Wǔ Shù (武术） Posted by Stephen on Sep 26, 2011 in Culture
Kung fu is a modern day phenomenon that is more of a culture than the actual practice of Chinese martial arts. Wushu or 武术 (wǔ shù) on the other hand, is a broader term that refers to the many schools (門, mén), families (家, jiā) and sects (派, pài) of Chinese fighting. Much like 功夫, 武术 translates as “martial art” or “fighting skill” and has led to the mastery of a myriad of different styles involving every limb, weapon and tantric practice within Chinese borders.
But wu shu’s roots didn’t start within China, so to truly trace the history of this famous form of martial arts, we have to take another quick trip west along the Silk Road back nearly 4,000 years ago. During this time, hunters and nomadic peoples in this frontier area needed a way to protect themselves and drew upon the variety of fighting cultures (including boxing, wrestling and sword play) from distant lands. Over the years, cultural interaction led to the development of specific fighting styles across central Asia. By the time these travelers crept into China, some semblance of a “martial arts” had taken hold–only to be drastically altered and Sino-cized.
Soon Shǒubó (手搏) emerged as a the precursor to 武术, and by the 7th century BCE, Sanda (kickboxing) had evolved into a uniquely Chinese practice. Sun Tzu (author of The Art of War) was quick to include shoubo in his military strategies and made sure all his ground troops could fight unarmed. Seen as a way to empower guards and strengthen the military, 手搏 wasn’t embraced by the citizens (老百姓) until Confucius (孔子 kǒng zi) decreed that the Chinese people should practice both physical and literary arts to improve their overall quality of living. Thus, the athlete-scholar first emerged within the Chinese ranks emphasizing Daoist concepts of finding balance and harmony between mind and body. After all, what Confucius says, goes (孔子说…).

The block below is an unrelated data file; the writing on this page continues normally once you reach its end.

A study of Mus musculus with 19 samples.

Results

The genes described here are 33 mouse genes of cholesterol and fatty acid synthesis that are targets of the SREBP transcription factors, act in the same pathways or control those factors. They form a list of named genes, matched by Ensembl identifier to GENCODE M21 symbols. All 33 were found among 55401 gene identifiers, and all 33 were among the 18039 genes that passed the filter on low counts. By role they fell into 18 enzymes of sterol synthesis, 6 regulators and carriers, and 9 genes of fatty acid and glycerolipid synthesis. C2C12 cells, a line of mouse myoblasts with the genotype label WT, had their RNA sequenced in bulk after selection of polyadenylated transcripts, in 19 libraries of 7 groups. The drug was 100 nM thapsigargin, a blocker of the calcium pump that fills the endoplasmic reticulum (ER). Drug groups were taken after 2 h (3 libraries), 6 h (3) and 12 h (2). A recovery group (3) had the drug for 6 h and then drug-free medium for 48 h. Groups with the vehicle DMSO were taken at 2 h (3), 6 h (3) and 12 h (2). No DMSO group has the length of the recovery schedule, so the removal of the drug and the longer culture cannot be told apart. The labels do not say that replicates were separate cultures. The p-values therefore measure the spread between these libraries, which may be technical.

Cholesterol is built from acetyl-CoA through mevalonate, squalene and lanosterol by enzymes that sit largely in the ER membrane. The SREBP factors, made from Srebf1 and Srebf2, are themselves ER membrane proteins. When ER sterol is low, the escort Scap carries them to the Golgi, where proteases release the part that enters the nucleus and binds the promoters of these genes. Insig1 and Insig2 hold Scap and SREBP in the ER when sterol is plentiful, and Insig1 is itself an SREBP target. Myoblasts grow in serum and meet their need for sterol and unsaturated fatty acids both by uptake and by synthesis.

As wu shu had gone mainstream, sects of fighting styles emerged throughout the mainland. By the 4th century, Daoist and Buddhist influences mixed with Kung fu culture offering up new concepts of qi manipulation (qì or ”气“ is the “life energy” of all living things).
From there two forms of qi manipulation, internal (内家拳, nèijiāquán) and external (外家拳, wàijiāquán) were developed with the former focused on storing up this energy, and the later, of releasing it through physical activity.
Soon concepts of meditation, including breathing exercises known as 气功 (qì gōng) became commonplace as the search for spirituality forced many monks to look inward. Daoist philosophies became synonymous with wu shu practices, with Buddhism quickly following suit. Citizens young and old, from all walks of life, gravitated towards the multitude of mind-body activities that had sprung up in just a few centuries. Culturally, Kung fu was enmeshed in everyday life.
Yet as kung fu became more popular, a divergence between common and esoteric practices became more pronounced. While the “weekend warriors” of kung fu practiced it as a compliment to academic learning, religious sects and the imperial guard directed the study of wushu towards institutionalization.
It was around this time that various schools of kung fu or wushu began popping up throughout China, most notably: Shaolin (少林), Kunlun (昆仑) and Wudang (武当). These schools were prized by the Imperial court as the top fighters became guards and protectors of the Imperial family, standing as a front line to many invading forces or clans and serving as body guards.
Emerging from this mix of institutionalization, militarization and religious indoctrination are many of the styles of kung fu that we see today, including the “5 Animals” fighting styles (tiger, deer, monkey, bear, and bird), taichi, and Bagua. For centuries, monks, soldiers and swordsmen honed their fighting craft, relying on passed down wisdom in a relentless pursuit of perfection to drive them towards the most efficient and lethal strikes in all of martial arts.
Just watch as this Shaolin monk harnesses his “qi” and focus to drive a needle through a sheet of glass (without shattering it), and popping a balloon on the other side:
Yet in balancing these violent fighting styles with meditative, Buddhist practices, an opposite but equally significant culture of peace and tranquility emerged right along side the high flying kicks. The duality of wu shu had thus solidified itself. China had developed a practice equal parts mind and body.